Where to go for medical advice on the Web.

June 13 2000 12:26 PM

Where to go for medical advice on the Web.



A psoriasis patient on a drug called Soriatane suddenly took a turn for the worse. Was he sick? (Infections can cause the disease to flare up.) Under stress? No, answered my patient casually. He'd discontinued his medicine after reading on the Web that Soriatane patients should avoid the sun. "I plan to spend lots of time at the beach this summer," he explained. It's true, I replied, that the medicine makes you more sensitive to the sun. But the sun is also a good treatment for psoriasis. In fact, the combination of sun and Soriatane is ideal--you just have to be careful not to burn. 

Another of my Internet-savvy patients was scheduled to have a skin cancer removed in the office but never showed up. When I called, she informed me that she had an appointment with another doctor for Mohs micrographic surgery. "It's a more precise procedure," she explained, "and decreases the chance of recurrence." Yes, you're right, I said, but your cancer is extremely low risk; there's no reason to put you through an extensive procedure like that. She wouldn't be persuaded. She'd retrieved the information on the World Wide Web, she said solemnly, as if it were the final word on the subject.

I have to admit that occasionally I lose my cool at such times--at least until I think back to my own experience as a patient and sympathize with that basic need (and perhaps right) to find out what's wrong with you and play an active role in decisions about your care. A few years ago, I was diagnosed with a life-threatening condition and eventually underwent a bone-marrow transplant. I remember how scared I was, not being familiar with PNH (a disease of marrow failure) or its treatment options; it wasn't my field. I felt powerless and passive, deserted not only by my body but also by my mind and reasoning ability. To regain a sense of control over my fate, I went to the medical school library and read up on my disease. I became more informed and was able to ask my doctor better questions. I can't tell you how important that was for my psyche.

And yet five years ago, when this happened, an ordinary patient wouldn't be able to do that. Fortunately that's no longer the case. Today the layperson can not only access the same information on the Internet but can do so more easily and in many cases faster than I once did. What a remarkable fact, one that is bound to have a profound impact on the practice of medicine! And why not? Why should patients be kept in the dark? Why shouldn't they have the same data at their disposal that doctors do? It may well prove to have a positive impact on their health.

Moreover, this doesn't have to be considered a one-way street, a matter of simply bolstering a vulnerable patient's self-confidence. I believe a more informed patient can be extremely helpful to his or her physician. As we all know, the time patients spend with their doctors is all too brief, and becoming more so every day. This often results in doctors' not remembering to mention certain things and patients' forgetting to ask questions. Being able to supplement a doctor's visit with accurate information on the Internet would be good for both parties.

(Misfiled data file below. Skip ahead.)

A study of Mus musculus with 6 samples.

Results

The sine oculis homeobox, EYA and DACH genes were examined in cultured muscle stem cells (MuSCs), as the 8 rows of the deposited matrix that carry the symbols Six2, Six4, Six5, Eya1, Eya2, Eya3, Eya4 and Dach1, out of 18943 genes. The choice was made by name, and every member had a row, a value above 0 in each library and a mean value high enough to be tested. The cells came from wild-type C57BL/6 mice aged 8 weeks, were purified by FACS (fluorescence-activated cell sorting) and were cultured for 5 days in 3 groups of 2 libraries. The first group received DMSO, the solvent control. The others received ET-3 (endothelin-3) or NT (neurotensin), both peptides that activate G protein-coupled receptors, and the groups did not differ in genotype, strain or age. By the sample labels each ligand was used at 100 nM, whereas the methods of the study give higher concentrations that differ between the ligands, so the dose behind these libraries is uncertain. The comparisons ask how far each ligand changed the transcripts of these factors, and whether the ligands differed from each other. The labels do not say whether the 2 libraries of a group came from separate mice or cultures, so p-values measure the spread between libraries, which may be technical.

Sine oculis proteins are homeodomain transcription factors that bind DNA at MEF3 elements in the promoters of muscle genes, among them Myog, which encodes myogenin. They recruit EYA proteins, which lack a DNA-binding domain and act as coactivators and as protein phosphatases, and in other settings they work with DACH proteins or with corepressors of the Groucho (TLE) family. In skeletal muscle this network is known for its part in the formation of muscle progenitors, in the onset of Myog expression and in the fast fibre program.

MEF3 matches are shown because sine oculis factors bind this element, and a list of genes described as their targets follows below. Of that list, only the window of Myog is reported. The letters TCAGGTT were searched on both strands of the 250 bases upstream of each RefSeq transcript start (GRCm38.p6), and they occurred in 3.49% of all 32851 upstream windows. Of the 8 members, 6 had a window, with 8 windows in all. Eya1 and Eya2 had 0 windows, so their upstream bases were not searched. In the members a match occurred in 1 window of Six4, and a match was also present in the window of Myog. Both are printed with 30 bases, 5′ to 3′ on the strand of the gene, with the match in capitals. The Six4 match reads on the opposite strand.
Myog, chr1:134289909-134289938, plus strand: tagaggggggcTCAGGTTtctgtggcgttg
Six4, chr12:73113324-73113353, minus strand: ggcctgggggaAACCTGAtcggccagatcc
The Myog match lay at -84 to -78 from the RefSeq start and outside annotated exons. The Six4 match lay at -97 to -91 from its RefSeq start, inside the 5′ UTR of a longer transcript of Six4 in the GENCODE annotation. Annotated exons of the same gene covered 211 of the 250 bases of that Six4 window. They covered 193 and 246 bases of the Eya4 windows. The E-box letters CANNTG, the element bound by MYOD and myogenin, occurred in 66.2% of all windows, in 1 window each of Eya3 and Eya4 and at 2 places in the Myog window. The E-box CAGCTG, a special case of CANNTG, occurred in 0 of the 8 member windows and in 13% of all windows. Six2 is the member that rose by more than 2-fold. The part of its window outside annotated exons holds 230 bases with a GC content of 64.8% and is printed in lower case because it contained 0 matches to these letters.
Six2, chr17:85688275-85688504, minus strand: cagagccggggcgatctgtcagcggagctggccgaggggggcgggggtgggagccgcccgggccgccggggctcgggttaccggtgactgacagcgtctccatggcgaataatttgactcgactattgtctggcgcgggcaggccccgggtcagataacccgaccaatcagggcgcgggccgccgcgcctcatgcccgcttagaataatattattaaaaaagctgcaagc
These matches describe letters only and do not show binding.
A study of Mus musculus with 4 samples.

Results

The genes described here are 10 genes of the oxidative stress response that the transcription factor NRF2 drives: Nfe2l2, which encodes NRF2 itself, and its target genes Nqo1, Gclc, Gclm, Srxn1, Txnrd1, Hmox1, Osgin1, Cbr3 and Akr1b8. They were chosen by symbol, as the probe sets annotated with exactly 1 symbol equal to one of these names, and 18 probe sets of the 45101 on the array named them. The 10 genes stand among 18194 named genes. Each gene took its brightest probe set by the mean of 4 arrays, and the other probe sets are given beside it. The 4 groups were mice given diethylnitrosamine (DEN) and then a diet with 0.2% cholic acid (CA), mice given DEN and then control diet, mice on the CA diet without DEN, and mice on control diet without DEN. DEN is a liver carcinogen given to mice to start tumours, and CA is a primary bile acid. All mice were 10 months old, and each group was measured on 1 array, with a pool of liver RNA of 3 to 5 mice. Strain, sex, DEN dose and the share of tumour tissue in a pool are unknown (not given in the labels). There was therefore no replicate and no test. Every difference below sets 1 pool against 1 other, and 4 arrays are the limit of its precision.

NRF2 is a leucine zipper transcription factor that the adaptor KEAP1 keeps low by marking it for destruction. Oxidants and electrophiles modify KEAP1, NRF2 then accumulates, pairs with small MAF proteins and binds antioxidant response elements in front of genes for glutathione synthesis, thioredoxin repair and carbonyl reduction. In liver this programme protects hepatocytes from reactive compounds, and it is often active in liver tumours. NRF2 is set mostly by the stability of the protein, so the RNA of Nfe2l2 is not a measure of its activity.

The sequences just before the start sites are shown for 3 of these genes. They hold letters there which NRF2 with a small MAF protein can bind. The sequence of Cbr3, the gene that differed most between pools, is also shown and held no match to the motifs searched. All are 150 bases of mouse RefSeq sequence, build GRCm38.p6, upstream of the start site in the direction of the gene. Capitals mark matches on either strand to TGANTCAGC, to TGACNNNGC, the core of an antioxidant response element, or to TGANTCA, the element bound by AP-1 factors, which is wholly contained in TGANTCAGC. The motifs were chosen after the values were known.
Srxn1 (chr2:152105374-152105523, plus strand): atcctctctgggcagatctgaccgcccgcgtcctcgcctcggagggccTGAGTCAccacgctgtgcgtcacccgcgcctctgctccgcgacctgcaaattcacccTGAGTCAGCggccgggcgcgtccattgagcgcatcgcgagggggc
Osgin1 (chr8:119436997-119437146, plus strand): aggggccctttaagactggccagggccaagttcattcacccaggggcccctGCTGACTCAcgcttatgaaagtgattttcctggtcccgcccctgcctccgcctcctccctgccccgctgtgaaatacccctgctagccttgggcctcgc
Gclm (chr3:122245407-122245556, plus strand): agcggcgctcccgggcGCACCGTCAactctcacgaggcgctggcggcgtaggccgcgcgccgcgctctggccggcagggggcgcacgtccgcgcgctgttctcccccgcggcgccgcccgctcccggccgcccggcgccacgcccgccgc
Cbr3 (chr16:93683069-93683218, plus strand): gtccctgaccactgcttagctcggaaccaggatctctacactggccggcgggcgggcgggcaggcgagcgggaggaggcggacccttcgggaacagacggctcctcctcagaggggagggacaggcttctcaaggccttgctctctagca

But, of course, there's a rub. With more than 17,000 unregulated health sites on the Internet, there's a lot of bad advice going around. In addition, while information may be technically correct, how it is put forth or what is missing from a particular discussion may easily lead to misinterpretation; that is what probably happened in the case of my psoriatic and skin cancer patients. If we want to take advantage of the tremendous opportunity offered by the Internet, it behooves us as doctors to find the best sites for our patients and direct them there. Which ones provide accurate and current information that's easy to access and understand? Over the next few days, you and I will review some of the more popular health sites and rate them on the basis of such criteria.

One last thought before signing off. While I'm enthusiastic about the "democratization" of knowledge made possible by the Internet, I don't want to suggest that every patient should feel obligated to know every facet of their disease, that they all have to become aggressive advocates for their care. As my father, also a dermatologist, often reminds me, there will always be patients who prefer to receive only what information a trusted doctor provides them with. They don't want to know every possible side effect a medication can cause nor are they anxious to review every single treatment option available to them; they would rather let decisions be made for them. Our role as physicians is to recognize the differing needs of our patients and treat them accordingly. This is part of what my father would call the art of medicine. I'm glad that even in the age of molecular biology and cybermedicine, there's still some art left in our profession.

See you on the Web,
David

This week, two doctors evaluate medical information sites on the Web. Atul Gawande is a surgical resident and a staff writer for The New Yorker. David Biro is a dermatologist and the author of One Hundred Days: My Unexpected Journey From Doctor to Patient (click here to buy it).